Headwaters NanoKinetix Announces Nano-Scientist to Break Through Impasse in Flat-Screened TV Technology
Dr. Bing Zhou, a pioneering molecular scientist at NanoKinetix, a research lab in Lawrenceville, New Jersey has developed a process that has the potential to overcome the limitations of the two predominant ways to make flat-screen monitors -- liquid-crystal-display (LCD) and plasma Digital Light Processing (DLP(TM)). An LCD monitor delivers high-quality pictures, but requires liquid crystals which are "grown" using an expensive and time-consuming process. The relatively high probability of imperfections in large crystal clusters limits the dimensions of LCD TVs to no bigger than 35 to 40 inches. Plasma monitors deliver bright colors and clarity without size limitations, but at the cost of expensive materials and a usable product life between 4 and 5 years. After that, picture quality begins to deteriorate and fade.
Polymeric crystals -- synthesized by a chemical process based on nanotechnology -- can overcome both the high costs and inherent imperfections of current technology, but until now no one has been able to jump the hurdles to making them. The answer lies in Dr. Zhou's unique and patented method of nanoparticle control for an even and cost-effective application of a super-thin coating of highly conductive metallic material, such as copper, palladium, or platinum, perhaps as thin as a single molecule, to the surface of polymers to form a radically new kind of light-emitting diode. Nanotechnology will enable the production of high-quality, long-life, flat-screen television monitors at a fraction of the cost of today's devices. While these new metal-coated screens will still have a finite life-span, they will last much longer, and will deliver brighter and clearer pictures, than the best of today's LCDs and DLPs.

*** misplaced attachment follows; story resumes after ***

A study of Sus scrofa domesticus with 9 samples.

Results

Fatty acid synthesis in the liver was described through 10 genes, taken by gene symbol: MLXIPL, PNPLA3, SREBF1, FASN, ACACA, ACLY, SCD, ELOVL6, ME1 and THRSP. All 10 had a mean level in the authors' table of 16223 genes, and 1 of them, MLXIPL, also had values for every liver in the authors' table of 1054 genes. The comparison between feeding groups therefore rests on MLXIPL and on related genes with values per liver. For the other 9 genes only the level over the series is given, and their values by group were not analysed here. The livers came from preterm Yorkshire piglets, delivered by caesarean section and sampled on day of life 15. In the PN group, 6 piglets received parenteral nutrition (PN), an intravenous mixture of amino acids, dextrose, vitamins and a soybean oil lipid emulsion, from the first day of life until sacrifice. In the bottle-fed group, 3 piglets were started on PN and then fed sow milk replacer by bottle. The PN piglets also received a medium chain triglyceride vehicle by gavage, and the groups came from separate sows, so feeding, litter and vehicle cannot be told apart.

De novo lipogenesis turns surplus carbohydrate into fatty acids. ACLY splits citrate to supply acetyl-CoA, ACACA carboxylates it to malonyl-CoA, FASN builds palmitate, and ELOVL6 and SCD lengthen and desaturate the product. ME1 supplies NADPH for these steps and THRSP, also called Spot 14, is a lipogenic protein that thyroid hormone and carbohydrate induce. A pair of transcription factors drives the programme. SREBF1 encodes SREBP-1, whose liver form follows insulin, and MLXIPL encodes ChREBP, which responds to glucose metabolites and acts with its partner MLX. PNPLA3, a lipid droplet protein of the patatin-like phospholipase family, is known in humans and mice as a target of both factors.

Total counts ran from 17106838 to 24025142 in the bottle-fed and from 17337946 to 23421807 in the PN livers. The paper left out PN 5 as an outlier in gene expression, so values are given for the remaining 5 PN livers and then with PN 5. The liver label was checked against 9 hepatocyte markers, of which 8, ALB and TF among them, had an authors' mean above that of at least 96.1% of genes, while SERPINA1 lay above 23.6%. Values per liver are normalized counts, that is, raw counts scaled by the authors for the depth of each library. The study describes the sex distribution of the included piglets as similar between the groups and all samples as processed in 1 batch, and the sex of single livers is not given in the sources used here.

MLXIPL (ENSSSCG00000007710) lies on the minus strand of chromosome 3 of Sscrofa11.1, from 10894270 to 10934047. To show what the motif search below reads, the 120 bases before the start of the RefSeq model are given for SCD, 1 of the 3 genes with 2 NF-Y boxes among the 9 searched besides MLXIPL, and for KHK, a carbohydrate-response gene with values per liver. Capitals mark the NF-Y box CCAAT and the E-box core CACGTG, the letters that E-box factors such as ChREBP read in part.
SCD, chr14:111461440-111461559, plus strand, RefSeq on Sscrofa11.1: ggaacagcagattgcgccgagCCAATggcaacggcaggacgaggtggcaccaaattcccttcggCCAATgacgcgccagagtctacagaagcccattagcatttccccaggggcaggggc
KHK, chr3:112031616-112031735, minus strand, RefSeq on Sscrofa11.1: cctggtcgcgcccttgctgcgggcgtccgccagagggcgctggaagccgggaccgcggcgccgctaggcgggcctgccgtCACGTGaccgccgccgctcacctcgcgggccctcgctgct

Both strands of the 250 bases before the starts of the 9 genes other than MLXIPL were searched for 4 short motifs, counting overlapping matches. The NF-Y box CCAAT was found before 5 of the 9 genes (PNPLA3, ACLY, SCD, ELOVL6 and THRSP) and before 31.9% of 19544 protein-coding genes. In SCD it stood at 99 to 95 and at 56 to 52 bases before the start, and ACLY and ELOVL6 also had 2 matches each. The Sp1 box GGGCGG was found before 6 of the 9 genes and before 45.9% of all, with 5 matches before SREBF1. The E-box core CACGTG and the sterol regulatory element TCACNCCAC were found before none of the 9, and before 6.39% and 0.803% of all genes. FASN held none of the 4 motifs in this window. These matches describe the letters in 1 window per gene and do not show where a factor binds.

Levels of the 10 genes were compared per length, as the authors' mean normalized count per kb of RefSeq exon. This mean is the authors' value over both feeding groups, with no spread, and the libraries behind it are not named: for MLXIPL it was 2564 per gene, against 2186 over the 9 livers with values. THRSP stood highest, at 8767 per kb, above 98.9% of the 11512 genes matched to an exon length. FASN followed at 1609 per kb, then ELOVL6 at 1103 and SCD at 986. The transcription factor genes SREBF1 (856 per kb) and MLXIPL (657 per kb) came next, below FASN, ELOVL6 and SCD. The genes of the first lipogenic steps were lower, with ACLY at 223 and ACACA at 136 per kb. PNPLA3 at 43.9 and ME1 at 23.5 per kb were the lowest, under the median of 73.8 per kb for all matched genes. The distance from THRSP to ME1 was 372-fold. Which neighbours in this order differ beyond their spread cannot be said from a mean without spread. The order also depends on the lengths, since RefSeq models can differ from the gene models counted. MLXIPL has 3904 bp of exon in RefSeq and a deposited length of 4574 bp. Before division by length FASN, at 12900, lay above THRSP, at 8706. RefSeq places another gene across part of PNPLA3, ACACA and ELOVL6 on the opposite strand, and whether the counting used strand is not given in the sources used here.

And that's just the beginning. One day Dr. Zhou's nanomaterials may make flat-screens that last twice as long as today's plasma TVs, cost half as much, and, with organic light-emitting diodes (OLEDs), have none of the trace metals that can deteriorate picture quality over time. Dr. Zhou thinks "outside the box" and envisions a day when nanotechnology will enable manufacturers to produce truly cutting-edge flat TV devices-- millimeter-thin screens in any size to fit any room, able to be rolled up for convenient transport.